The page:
In a statement released on Sunday, Bayer announced that Anetumab ravtansine, its antibody-drug conjugate (ADC) tested in mesothelioma, has missed its primary endpoint failing to improve progression-free survival in mesothelioma patients.
“Malignant pleural mesothelioma is a very difficult-to-treat tumor, and we had hoped for a better outcome for patients,” said Robert LaCaze, Executive Vice President and Head of the Oncology Strategic Business Unit at Bayer. “We would like to thank the patients and their caregivers, as well as the study investigators for their participation and contributions in this study. Based on the available data, we remain committed to further evaluating the utility and safety of anetumab ravtansine across multiple tumor types with significant unmet medical need.”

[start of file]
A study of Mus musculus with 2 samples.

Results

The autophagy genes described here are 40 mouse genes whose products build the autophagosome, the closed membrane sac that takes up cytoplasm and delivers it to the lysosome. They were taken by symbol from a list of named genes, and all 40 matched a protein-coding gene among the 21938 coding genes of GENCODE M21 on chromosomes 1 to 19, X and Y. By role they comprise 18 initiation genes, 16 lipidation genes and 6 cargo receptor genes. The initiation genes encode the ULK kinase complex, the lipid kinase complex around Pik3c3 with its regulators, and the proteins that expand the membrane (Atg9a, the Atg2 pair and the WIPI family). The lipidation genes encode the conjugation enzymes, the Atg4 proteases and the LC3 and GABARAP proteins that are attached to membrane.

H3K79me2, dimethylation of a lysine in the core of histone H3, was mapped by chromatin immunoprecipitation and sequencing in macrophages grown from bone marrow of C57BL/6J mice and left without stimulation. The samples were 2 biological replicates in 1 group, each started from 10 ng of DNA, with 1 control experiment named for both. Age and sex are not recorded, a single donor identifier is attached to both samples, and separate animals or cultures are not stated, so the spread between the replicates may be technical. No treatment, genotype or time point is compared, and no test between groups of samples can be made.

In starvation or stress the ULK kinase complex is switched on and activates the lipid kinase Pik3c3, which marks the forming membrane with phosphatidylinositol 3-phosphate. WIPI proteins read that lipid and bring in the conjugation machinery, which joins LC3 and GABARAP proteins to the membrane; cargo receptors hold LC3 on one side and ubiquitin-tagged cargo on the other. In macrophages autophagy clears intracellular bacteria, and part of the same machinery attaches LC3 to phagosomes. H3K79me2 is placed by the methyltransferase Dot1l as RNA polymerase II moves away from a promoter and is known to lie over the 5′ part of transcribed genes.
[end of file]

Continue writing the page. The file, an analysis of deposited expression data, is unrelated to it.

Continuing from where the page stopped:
“We are very disappointed about this outcome most especially as it affects our patients,” said Melinda Kotzian, the chief executive officer of the Mesothelioma Applied Research Foundation. “Despite this setback, patients must keep in mind that there are currently more than 35 other clinical trials in process in the United States alone, and should call us if they need more information.”
The phase II clinical trial (NCT02610140) is a randomized, open-label, active-controlled, multicenter superiority study investigating anetumab ravtansine as second line treatment in patients with advanced or metastatic mesothelin-positive malignant pleural mesothelioma (MPM), whose disease had progressed after treatment with first-line platinum/pemetrexed-based chemotherapy. The trial randomized 248 patients in a 2:1 ratio to receive either anetumab ravtansine (6.5 mg/kg intravenously every three weeks) or vinorelbine (30 mg/m2 intravenously every week).
More detailed data about the trial will be released fully at an upcoming medical meeting.